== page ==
Rob Main, who retired last month as North Carolina’s chief risk officer said that during his time in government, he experienced his role and those of his fellow chief information security officers steadily rise in prominence as cyber concerns grew in the public sector.
“Think of a large banquet hall with a long table,” he said in a recent interview. “Gradually, that seat at the table has moved from the end of the table to front and center. And that’s absolutely essential to ensuring that cybersecurity is the top consideration, and not just an afterthought.”
In North Carolina, Main told StateScoop, that metaphor was manifested in the evolution of a “whole-of-state” strategy.
Main was named North Carolina’s top cybersecurity official in October 2021, capping off a quarter-century career in the public sector that began at North Carolina State University, where he started as a technical operations manager for the Raleigh campus’ libraries. He then moved to the state Department of Health and Human Services and later became an agency CIO for several North Carolina agencies. He was named the state’s deputy chief risk officer in 2019, working with then-Chief Risk Officer Maria Thompson, who initiated North Carolina’s whole-of-state approach and whom Main called a mentor.
Over the past few years, Main said that strategy evolved further. Gov. Roy Cooper signed executive orders giving an interagency task force broader abilities to assist public-sector entities in defending from cyberattacks, and new laws — like the country’s first outright ban on governments paying off ransomware actors’ demands.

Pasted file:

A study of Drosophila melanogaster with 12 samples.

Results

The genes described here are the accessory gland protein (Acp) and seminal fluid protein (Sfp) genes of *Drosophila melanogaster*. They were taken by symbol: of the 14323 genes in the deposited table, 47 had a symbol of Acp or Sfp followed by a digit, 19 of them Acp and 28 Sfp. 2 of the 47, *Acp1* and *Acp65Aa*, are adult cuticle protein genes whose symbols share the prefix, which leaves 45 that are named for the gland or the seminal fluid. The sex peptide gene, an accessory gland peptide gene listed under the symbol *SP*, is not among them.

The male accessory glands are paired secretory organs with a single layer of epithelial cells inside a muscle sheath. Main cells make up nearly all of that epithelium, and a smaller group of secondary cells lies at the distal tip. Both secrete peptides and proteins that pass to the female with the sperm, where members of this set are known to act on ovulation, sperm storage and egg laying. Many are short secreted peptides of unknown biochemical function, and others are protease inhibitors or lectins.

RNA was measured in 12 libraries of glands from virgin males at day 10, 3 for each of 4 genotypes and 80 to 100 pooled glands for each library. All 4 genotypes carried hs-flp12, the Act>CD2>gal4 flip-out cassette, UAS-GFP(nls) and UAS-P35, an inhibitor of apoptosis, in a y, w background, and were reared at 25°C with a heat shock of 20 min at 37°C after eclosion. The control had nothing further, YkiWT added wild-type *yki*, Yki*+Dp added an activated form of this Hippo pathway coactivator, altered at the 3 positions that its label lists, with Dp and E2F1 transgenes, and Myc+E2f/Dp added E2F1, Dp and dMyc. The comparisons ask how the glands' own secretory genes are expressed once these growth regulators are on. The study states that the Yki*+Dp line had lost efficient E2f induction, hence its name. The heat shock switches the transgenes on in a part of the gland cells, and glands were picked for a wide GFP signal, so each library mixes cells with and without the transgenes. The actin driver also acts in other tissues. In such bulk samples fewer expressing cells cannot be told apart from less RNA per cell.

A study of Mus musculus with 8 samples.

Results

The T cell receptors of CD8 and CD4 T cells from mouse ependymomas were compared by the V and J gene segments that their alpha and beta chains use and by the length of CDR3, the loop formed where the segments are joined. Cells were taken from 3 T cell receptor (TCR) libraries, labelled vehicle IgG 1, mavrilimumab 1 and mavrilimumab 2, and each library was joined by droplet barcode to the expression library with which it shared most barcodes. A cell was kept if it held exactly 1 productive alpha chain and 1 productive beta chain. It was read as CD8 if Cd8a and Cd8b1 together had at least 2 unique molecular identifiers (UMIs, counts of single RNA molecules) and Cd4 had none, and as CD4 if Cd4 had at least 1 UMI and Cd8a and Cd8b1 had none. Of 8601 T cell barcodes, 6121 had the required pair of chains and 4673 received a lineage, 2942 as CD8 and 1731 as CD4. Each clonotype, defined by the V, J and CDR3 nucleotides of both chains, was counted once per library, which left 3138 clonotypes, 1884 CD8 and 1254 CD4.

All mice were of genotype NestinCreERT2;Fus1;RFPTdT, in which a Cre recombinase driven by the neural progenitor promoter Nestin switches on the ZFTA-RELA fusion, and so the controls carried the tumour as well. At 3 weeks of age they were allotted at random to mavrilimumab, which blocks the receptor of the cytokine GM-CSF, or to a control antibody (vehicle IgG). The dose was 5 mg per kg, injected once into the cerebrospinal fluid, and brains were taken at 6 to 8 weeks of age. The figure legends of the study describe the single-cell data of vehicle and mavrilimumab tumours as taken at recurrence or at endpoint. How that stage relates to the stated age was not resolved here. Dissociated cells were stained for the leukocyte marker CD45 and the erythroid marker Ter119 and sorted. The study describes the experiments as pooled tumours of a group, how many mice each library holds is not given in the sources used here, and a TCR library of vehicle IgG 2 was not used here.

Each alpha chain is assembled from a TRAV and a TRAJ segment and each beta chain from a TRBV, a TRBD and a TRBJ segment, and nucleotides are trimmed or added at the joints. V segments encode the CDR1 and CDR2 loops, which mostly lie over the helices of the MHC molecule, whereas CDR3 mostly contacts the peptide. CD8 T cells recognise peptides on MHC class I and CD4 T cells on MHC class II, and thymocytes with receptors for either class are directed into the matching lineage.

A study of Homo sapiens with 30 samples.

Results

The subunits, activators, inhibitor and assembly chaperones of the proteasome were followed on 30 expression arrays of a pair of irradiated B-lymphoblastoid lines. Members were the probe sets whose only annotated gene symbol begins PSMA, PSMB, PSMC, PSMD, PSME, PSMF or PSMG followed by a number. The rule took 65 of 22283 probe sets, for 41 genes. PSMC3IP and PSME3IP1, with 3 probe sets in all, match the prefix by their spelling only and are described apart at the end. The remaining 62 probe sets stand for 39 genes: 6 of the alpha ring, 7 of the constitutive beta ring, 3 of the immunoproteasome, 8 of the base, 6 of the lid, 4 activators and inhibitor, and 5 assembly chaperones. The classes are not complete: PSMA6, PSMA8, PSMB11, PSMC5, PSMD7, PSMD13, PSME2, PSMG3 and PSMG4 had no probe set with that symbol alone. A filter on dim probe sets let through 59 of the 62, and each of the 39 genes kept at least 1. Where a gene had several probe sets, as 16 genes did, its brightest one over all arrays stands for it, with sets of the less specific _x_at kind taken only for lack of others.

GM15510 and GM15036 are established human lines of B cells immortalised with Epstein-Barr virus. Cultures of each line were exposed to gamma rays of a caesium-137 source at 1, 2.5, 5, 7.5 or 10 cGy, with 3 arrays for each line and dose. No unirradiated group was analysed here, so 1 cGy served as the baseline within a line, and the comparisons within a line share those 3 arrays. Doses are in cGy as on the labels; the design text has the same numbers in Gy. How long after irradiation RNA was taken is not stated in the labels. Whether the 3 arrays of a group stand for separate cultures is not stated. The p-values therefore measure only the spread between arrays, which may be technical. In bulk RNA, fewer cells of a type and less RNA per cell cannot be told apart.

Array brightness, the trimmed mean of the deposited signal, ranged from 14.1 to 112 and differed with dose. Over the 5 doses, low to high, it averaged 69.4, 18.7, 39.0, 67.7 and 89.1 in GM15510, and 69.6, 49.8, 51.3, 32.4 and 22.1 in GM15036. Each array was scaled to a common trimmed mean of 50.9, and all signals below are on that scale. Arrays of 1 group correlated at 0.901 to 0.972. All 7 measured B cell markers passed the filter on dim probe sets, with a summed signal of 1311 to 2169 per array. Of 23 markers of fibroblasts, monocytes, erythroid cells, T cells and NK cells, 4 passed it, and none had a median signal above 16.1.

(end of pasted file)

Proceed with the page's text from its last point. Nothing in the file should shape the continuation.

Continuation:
“There’s so many different interconnections between state government and local governments,” Main said. “Take regional offices for health agencies. If there’s an impact in local government, there will be upstream impacts to state agencies. It’s important for us to strengthen each link in the chain and not just focus on the overall chain itself.”
And while the North Carolina Joint Cybersecurity Task Force has brought the state Department of Information Technology — and other agencies — closer to their local counterparts, Main also said those partnerships now extend to the state’s critical infrastructure sectors, like utility providers.
“We can’t be so myopic to focus only on state agencies and local governments,” he said. “It’s the whole of state of North Carolina, and the whole state includes our critical infrastructure partners. Ultimately, if you look at a hypothetically a cyber attack against a utility provider, that utility provider sitting in one of those critical infrastructure sectors, that directly impacts North Carolinians.”
Main also stood by the ban on ransomware payments, even though analysts have questioned the efficacy of such measures.
“To be clear, the law as it exists was not my agency’s legislation, but we strongly supported its passing,” he said. “It’s a statement that was made that North Carolina will not allow for the payment of ransom, and we’re going to focus our effort in bolstering our whole-of-state defenses.”
Carly Sherrod, a cybersecurity task force officer at the North Carolina Division of Emergency Management, has been serving as interim chief risk officer since Main’s retirement. Main said that government CISOs may go unnoticed by the public, but that he’s seen it become “incredibly important” to state government operations.
“Nobody ever will pick up the phone and say, ‘Hey, thank you for stopping the 8 billion security events last week,'” he said. “So it’s an incredibly thankless job, but one, it’s so vitally important to the well being of the residents in their respective states.”